Friday, 26 July 2019

Mistress Marvellous...



I don’t want Marvel to make a big deal of Makkari’s deafness or to highlight one mode or another as being 'right' or 'wrong'.  I just think current obsessions in how minority areas are represented just marginalises them more or projects a stereotype nobody will agree with anyway.  Mainstream is damned if it does, damned if it doesn't.   All this hand-wringing (No pun intended), and hair-pulling (No offence meant to baldies),  about who or how we are portrayed.  

It's buying into the whole hype thing anyway by vested interest to plug their particular version.  A signer won't be representative of the deaf and a lip-reader opposed by sign dependents.  You can only hope she speaks in caption bubbles instead...  I think inclusion is going to be a bugger...


It’s not only the amount of deaf representation in the media which can be an issue but also how the condition is portrayed  Marvel’s Cinematic Universe of superheroes just got a lot more human. 

In a series of announcements at this year’s San Diego Comic Con, the movie studio unveiled its first Asian-led film, LGBTQ+ heroine and deaf superhero – the latter played by The Walking Dead star Lauren Ridloff. Ridloff’s upcoming portrayal of Makkari in The Eternals – scheduled for release in November 2020 – offers up a brand new backstory for the character.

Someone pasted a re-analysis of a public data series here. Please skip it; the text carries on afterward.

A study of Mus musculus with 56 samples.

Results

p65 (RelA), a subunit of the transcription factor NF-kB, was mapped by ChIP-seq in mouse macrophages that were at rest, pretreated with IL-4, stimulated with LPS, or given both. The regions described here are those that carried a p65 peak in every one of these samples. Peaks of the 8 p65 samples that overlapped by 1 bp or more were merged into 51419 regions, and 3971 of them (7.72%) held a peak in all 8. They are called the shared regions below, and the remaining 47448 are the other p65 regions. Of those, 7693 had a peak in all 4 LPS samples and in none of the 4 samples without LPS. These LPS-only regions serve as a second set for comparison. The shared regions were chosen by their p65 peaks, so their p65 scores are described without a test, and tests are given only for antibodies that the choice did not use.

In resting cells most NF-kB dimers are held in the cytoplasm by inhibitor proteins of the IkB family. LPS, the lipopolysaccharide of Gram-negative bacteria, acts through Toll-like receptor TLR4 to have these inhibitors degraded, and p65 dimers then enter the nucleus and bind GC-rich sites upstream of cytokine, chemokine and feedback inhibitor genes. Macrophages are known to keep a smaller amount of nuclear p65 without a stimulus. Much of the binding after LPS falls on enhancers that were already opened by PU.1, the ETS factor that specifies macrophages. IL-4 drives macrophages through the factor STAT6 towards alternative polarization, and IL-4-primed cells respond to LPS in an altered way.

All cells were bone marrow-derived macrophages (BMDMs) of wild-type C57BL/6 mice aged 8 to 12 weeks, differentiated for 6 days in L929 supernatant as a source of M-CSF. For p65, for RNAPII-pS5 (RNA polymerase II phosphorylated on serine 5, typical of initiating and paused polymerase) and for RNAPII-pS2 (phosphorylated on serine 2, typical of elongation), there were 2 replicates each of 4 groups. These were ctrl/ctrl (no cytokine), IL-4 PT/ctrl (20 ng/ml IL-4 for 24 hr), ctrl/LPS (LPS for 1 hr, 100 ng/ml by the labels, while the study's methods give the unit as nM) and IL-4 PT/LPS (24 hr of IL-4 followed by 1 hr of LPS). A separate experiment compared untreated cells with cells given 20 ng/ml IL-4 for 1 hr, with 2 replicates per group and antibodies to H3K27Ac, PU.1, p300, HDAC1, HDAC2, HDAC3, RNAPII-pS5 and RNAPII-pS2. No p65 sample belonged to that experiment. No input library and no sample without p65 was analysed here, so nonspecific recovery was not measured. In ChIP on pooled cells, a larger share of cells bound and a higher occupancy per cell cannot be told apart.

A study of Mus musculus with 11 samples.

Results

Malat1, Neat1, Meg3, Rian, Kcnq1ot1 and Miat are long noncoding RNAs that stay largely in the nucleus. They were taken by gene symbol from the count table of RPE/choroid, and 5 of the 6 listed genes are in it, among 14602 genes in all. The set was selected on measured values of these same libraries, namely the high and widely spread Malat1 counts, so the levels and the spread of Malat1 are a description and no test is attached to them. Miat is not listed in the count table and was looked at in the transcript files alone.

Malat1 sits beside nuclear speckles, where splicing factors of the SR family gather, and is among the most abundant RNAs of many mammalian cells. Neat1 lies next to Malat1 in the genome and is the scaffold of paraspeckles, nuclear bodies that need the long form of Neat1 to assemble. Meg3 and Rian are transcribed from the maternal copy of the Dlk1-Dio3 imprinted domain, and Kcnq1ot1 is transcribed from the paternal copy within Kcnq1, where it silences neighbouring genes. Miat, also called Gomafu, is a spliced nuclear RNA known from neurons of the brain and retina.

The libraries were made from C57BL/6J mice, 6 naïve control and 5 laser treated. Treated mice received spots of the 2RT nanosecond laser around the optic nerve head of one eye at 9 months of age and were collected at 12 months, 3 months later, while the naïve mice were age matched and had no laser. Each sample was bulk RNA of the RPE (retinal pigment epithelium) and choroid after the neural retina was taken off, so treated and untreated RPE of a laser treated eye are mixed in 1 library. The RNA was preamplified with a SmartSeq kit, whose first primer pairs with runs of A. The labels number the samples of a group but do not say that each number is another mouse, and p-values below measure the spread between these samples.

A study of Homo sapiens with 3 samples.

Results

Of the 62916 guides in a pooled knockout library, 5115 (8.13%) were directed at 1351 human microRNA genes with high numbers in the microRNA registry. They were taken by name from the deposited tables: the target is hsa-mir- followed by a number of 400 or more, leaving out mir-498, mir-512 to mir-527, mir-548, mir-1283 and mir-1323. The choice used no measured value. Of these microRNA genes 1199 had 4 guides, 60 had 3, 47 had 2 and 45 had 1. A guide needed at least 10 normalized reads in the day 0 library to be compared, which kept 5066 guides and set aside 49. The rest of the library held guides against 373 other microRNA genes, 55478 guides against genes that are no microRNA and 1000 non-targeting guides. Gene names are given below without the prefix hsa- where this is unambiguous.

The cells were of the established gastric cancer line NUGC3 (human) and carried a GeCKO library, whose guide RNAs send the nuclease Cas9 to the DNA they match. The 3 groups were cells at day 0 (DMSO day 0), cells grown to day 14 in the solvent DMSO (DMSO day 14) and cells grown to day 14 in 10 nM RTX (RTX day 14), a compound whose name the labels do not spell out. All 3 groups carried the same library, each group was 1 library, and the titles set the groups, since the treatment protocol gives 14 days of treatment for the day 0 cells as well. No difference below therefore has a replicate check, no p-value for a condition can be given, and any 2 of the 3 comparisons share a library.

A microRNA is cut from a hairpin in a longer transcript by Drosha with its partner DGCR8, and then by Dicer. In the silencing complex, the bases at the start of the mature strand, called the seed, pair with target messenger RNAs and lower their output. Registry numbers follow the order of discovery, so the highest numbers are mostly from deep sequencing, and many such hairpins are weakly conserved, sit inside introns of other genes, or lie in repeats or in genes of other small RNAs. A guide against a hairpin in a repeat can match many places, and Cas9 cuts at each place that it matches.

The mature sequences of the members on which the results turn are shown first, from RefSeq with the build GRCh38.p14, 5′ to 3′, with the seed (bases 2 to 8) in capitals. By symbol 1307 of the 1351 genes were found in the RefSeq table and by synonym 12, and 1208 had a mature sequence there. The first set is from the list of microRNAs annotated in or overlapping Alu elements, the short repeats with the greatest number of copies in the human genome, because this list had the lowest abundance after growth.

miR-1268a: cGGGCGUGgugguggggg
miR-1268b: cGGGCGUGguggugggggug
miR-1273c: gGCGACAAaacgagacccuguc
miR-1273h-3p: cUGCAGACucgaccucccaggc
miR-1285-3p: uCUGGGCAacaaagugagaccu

The decision, albeit long overdue, places a talented deaf actress in the spotlight when all eyes are on Marvel after its record-breaking epic, Avengers: Endgame. Much like young girls are now looking up to Captain Marvel, deaf children and young people now have Makkari, at a time when deaf role models in film and television continue to be few and far between. 

Like with many other disabilities, hearing loss or deafness – with a few exceptions such as Ridloff’s aforementioned appearance in The Walking Dead and the Oscar-winning short film The Silent Child – is either painted as an incredibly negative burden or a source of wonder and amazement. ‘Inspiration porn’, as the disability advocate Stella Young described in a TEDx talk in 2014. Superhero movies give human beings extraordinary abilities, and so I did, at first, fear that Makkari’s deafness could well be grouped with her superpowers – namely super strength and speed. 

Something incredibly ordinary could be seen as unnecessarily superhuman. All of this could sound endearing and as a charming celebration of disability, but aspects of deaf culture have already been met with over-the-top fascination. Lipreading and British Sign Language are still seen as gimmicks and party tricks by some people, and some members of the community still have to deal with the occasional backhanded compliment – ‘you speak well for a deaf person’ being one of them. We need the mainstream media to display deafness with honesty and humanity, and as weird as it sounds, a Marvel superhero film may be the answer.